Biothreats, bioterrorism, synthetic biology, bioengineering | Homeland Security Newswire

Designer pathogensS&T sponsors workshop on “sequences of interest”

Published 8 February 2018

Synthetic biology has led to the creation of new products, markets, companies, and industries. At the same time, the technology poses potential risks to biosafety and biosecurity, as recently demonstrated by the synthesis of horsepox virus, a cousin of variola, the virus which causes smallpox. DHS S&T sponsored a workshop to discuss the evolving role of databases which contain genetic sequences of pathogens and toxins — termed “sequences of interest” — which pose safety or security concerns.

Synthetic biology has led to the creation of new products, markets, companies, and industries. At the same time, the technology poses potential risks to biosafety and biosecurity, as recently demonstrated by the synthesis of horsepox virus, a cousin of variola, the virus which causes smallpox.

On 29-30 January 2018, the Department of Homeland Security (DHS) Science & Technology Directorate (S&T) sponsored a workshop to discuss the evolving role of databases which contain genetic sequences of pathogens and toxins — termed “sequences of interest” — which pose safety or security concerns. Saskia Popescu writes in the Pandora Report that the workshop brought together stakeholders from government, industry, and academia to discuss the need for such databases, review current databases and those under development, explore potential applications and users of these types of databases, and consider the potential risks that they pose due to malicious or inadvertent misuse. “The workshop provided a valuable opportunity to explore the scientific and technical aspects of constructing such databases, maintenance and sustainability challenges, and the trade-offs involving functionality, accessibility, affordability, confidentiality, and security,” Popescu writes.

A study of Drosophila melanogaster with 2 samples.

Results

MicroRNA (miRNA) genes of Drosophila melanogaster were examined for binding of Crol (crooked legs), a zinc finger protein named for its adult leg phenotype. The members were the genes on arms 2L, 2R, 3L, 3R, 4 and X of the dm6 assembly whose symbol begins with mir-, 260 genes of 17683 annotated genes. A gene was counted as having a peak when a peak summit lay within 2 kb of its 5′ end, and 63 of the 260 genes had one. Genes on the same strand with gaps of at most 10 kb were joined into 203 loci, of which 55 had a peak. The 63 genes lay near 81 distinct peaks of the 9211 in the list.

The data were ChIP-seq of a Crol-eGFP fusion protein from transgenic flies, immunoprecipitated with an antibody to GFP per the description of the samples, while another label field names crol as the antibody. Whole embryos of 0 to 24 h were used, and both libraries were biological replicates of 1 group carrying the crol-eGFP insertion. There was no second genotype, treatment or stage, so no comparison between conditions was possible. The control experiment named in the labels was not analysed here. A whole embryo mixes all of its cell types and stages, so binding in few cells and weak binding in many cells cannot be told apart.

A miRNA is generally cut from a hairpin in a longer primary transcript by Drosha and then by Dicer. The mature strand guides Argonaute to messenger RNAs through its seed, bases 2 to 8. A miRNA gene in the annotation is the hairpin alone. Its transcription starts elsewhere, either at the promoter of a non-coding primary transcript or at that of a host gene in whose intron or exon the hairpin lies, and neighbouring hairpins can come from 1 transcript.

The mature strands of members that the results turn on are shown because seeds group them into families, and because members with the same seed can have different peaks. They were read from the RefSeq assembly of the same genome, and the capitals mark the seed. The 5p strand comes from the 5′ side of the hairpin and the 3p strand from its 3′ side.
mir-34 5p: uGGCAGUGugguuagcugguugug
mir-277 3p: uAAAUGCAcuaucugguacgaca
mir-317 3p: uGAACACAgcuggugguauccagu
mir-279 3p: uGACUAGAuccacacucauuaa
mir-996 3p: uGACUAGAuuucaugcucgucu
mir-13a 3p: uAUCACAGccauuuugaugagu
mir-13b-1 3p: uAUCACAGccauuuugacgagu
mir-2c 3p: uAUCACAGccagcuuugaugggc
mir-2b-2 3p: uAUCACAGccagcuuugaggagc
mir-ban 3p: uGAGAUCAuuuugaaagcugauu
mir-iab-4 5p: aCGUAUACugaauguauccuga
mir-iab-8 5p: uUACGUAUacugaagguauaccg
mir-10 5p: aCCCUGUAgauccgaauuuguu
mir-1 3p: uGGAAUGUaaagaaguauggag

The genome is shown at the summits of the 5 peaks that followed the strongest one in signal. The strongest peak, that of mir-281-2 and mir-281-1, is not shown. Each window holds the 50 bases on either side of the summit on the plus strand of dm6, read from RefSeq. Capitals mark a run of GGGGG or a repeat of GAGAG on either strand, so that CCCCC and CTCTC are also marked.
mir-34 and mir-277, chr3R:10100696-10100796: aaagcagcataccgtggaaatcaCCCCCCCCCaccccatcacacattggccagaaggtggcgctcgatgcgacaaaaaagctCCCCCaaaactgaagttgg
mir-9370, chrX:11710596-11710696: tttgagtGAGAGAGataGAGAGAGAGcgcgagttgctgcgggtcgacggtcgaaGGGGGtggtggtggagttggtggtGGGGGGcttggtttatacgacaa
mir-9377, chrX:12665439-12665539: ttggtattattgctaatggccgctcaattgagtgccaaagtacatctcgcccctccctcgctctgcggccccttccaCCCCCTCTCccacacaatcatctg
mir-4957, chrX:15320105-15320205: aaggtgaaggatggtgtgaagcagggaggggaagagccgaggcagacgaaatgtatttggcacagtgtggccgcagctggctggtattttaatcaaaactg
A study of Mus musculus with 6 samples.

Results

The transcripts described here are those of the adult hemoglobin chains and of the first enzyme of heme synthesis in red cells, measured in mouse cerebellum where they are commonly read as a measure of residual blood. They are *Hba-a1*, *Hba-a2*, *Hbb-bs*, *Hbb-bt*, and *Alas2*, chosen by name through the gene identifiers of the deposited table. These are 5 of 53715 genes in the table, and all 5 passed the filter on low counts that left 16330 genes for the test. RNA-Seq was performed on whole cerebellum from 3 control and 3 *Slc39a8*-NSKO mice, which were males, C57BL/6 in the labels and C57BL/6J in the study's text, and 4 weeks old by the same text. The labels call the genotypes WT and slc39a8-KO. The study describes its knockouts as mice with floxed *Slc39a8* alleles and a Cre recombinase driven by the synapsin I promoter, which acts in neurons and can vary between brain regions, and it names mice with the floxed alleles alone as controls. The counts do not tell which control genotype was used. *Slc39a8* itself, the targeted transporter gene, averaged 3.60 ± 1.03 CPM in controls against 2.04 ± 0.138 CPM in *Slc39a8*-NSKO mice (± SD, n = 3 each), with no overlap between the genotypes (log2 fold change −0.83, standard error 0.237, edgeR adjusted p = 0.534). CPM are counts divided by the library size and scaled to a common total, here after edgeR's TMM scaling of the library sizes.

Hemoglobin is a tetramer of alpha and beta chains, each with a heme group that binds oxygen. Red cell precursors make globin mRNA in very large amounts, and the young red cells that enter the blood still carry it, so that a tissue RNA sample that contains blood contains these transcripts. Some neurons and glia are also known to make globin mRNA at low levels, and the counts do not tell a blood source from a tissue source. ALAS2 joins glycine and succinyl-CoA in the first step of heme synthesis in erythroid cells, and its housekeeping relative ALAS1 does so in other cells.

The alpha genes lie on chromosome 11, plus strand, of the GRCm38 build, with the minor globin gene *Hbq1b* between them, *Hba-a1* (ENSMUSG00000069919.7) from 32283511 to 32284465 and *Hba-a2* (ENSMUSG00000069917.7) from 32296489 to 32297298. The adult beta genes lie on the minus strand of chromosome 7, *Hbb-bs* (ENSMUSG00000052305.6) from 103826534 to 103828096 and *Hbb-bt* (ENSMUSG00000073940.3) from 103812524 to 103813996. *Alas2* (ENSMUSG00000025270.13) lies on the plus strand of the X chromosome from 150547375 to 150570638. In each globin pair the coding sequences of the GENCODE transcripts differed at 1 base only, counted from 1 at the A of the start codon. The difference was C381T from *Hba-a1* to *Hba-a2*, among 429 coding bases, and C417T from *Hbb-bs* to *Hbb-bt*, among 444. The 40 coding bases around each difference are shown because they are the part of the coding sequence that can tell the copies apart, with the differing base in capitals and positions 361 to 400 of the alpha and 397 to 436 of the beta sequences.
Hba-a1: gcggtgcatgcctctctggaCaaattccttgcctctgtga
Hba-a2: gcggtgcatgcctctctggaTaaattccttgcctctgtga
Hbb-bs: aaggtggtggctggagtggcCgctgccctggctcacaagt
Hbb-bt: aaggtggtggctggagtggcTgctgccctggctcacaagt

· “Ban on deadly pathogen research lifts, but controversy remains,” HSNW, 15 January 2018

· “U.S. ends 3-year ban on research involving enhanced-lethality viruses,” HSNW, 20 December 2017

· Jenna E. Gallegos and Jean Peccoud, “DNA has gone digital – what could possibly go wrong?” HSNW, 15 December 2017

· “Synthetic biology and bioengineering: Opportunities and risks,” HSNW 27 November 2017

· “Lax policies governing dual-use research, scientists unaware of research’s biosecurity implications,” HSNW, 15 September 2017

· Eric van der Helm, “Biosecurity and synthetic biology: it is time to get serious,” HSNW, 1 September 2017

· “Identifying vulnerabilities posed by synthetic biology,” HSNW, 25 August 2017

· “Making gene editing safer,” HSNW, 24 July 2017

The workshop also came at a propitious time as stakeholders grapple with the changing landscape of the biotech industry and advances in DNA synthesis technology. For instance, the International Gene Synthesis Consortium, a group of the leading DNA synthesis companies that have adopted customer and sequence screening protocols to prevent the misuse of their products, has expanded in size and geographic scope and recently updated its biosecurity protocols. The U.S. government is also reviewing the customer and sequence screening guidance it issued in 2010 and is considering whether, and how, to update it. “Should a decision be made to proceed, stakeholder engagement would be a significant part of the review, just as it was a significant part of the guidance’s original development,” Popescu writers.